Co-written by Riddhi Shah
Experts and generalists are less than useful, however those who thoroughly master a discipline while having a broad general knowledge of multiple disciplines, also called T-shaped people were, at one time, worth their weight in gold.
Now, once again, more multi-disciplinary designers are becoming indispensable for creating breakthrough innovations. These so-called, "TT-shaped people" are the professionals who master two or more distinct and complementary skills and can bridge domains without falling into the trap of providing a solution catering to the lowest common denominator.
In the hustle and bustle of the design-world, continued development of one's professional capabilities demands a deliberate concerted effort. In the studio, designers can hone their design skills on the clients' dime. However, if designers want to add a new and established professionalism to their quiver, winging it while on the job only protracts the process.
Never fully acquiring the fundamentals of a mature second discipline often leads to a dilution of one's professional profile, which can seriously damage one's reputation. Therefore, the best approach may be to bite the bullet and make the investment in a Masters or a PhD.
Across the world, universities are beginning to offer designers capstone business educations that are relevant to their field. At institutions such as Hong Kong Polytechnic University, Hanyang University in South Korea and Art Center College of Design, Pasadena, California, designers now have the opportunity to build capabilities in innovation management in accelerated programs. One of the critical skills taught is how to successfully bridge business and design.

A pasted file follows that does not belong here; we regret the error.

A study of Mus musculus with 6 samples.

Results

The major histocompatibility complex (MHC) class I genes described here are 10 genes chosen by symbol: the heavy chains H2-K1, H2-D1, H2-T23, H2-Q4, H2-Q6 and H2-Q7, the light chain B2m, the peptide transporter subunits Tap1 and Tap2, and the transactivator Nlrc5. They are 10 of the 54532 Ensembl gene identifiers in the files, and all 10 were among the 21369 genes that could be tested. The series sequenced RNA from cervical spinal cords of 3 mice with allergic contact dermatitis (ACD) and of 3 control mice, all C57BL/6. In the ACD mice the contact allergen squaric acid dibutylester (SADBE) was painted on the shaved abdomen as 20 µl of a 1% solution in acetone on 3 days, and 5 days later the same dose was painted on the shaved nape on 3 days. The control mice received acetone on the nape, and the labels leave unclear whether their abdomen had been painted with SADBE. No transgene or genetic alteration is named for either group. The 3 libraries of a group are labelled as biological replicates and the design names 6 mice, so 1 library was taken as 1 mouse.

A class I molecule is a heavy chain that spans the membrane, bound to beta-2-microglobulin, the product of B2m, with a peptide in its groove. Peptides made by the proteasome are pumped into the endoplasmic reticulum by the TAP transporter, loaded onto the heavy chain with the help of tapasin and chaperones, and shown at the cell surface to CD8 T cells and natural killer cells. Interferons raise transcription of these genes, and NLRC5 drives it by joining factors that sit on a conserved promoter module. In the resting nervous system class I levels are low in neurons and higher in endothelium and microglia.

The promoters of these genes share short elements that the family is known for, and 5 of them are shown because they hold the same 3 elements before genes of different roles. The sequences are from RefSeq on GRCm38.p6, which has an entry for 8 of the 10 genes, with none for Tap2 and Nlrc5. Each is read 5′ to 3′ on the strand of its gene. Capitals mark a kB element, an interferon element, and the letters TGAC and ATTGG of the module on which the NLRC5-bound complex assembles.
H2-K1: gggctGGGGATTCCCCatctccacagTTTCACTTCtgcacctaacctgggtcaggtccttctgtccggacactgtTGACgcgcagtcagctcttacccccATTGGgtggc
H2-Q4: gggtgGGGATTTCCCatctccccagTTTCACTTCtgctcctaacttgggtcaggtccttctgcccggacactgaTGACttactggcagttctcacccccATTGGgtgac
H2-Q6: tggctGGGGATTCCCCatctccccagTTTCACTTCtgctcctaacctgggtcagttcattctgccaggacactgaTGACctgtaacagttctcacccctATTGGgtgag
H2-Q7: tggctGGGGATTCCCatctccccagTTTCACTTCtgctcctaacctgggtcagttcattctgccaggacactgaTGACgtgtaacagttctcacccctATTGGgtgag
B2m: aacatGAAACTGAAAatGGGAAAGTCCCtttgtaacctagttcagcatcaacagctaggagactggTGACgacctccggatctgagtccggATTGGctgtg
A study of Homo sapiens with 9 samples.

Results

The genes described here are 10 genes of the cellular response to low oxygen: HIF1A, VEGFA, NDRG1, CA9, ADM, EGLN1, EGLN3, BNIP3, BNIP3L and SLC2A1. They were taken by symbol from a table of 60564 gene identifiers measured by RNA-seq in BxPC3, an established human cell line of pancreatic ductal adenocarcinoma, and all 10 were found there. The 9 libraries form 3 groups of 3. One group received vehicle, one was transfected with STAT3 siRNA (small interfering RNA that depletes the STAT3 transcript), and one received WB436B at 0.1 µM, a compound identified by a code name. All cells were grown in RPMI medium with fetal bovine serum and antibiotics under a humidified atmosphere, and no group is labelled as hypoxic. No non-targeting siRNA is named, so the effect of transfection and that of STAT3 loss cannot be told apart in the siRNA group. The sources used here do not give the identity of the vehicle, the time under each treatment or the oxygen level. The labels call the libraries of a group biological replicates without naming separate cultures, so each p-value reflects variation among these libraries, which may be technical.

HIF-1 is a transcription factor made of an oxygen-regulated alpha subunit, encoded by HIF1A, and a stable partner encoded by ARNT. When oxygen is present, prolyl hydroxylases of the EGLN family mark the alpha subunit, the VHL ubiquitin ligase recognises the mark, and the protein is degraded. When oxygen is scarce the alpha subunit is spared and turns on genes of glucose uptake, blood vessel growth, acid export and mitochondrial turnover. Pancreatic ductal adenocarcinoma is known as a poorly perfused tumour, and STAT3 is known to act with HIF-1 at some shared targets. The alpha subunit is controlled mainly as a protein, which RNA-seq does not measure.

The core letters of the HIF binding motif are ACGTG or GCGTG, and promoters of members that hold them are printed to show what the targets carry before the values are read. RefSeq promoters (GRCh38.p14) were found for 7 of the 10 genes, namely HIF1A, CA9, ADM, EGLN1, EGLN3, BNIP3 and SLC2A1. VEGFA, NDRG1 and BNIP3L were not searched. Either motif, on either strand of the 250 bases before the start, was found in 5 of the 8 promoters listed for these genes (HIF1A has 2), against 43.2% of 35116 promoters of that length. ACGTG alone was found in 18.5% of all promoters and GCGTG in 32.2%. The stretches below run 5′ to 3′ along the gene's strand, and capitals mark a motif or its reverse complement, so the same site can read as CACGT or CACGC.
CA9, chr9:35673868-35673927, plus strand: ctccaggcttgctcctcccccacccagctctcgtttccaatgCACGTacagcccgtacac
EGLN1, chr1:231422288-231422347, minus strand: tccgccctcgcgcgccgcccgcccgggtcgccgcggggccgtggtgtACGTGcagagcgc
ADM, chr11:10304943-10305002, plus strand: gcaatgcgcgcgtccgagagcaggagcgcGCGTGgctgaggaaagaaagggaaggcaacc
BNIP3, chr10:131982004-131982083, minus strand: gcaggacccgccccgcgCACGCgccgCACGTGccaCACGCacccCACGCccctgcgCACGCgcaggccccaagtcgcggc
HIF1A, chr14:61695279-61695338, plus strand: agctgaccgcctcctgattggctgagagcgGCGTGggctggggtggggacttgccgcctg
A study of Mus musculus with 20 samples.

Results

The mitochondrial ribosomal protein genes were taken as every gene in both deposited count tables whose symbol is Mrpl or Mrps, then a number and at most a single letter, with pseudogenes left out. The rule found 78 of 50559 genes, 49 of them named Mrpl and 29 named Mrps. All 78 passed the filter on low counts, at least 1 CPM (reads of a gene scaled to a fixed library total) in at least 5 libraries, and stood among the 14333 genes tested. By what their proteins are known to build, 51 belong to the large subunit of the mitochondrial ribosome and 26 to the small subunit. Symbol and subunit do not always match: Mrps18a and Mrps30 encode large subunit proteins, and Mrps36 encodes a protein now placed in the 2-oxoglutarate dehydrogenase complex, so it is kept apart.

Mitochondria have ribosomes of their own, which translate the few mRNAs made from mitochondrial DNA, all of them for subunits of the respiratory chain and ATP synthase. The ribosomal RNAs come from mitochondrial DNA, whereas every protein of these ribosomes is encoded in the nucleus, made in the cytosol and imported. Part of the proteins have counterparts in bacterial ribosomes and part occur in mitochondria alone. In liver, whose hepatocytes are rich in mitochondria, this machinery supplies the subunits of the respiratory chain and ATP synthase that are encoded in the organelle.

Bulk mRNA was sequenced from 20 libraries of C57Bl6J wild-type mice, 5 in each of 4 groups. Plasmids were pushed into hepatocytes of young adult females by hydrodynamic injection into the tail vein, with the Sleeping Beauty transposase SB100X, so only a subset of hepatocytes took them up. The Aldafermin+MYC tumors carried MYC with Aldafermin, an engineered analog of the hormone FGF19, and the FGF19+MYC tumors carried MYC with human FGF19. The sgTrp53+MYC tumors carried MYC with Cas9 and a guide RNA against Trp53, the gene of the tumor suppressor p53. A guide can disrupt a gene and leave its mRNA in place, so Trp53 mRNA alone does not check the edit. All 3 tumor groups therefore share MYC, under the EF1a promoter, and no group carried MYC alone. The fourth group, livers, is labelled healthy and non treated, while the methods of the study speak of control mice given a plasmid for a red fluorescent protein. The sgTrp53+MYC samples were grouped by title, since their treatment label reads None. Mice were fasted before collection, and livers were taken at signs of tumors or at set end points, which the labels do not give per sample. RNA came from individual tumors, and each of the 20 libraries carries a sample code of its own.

The logistics of juggling a fulltime position and studying at night and on weekends or taking a sabbatical from work life turns out to be the easy part. The challenge for professional designers is often the emotional toll of going back to school again to build new competencies from the ground up.
Some of the more positive insights garnered from designers around the world who took on this challenge, included:
"Participating in a workshop on Bridging Business & Design" was truly an exercise in brainstorming, forcing our left and right brains to work in harmony. It provided food for thought on how one might apply analytical (SWOT, Porters 5 Forces and business model canvas), as well as, creative methods (brainstorming, sketching and intuition). This helped us intuitively understand the linkage between drivers and enablers, paving the way for our creative brief."
"Conducting crowdsourcing and using online social networks to obtain feedback on our business concepts, added a new and very interesting dimension to check the pulse of our audience. It sometimes could be an absolutely unexpected trigger to help spark our creativity and, other times, to sense the general acceptance of our concepts. Focusing on the value proposition, as opposed to flash, we ended up with a final outcome constituting a sound value proposition."
"Overall, the exercise demonstrates oodles of creative potential in building business strategies and hence a strong need for creative professionals to bridge this gap."
"Too much reading required and course is too difficult to understand and use."
"Not enough time to do all the homework. Work life makes it nearly impossible for our group to meet and some members do not contribute their fair share."
"Don't get enough sleep, am constantly tired and find it challenging to juggle deliverables for so many courses."
Becoming a professional, proficient "TT-shaped" person and cross-pollinating any field is a challenge for everyone involved, including significant others, employers and, of course, the daring individual who makes the investment. The upside is that it is a competitive advantage in the job market and one that is difficult for others to copy. It has also been suggested that it increases one's potential for developing truly breakthrough innovations, as opposed to just doing more of the same and the same and the same . . .
Special thanks to Riddhi Shah for researching and co-writing this article.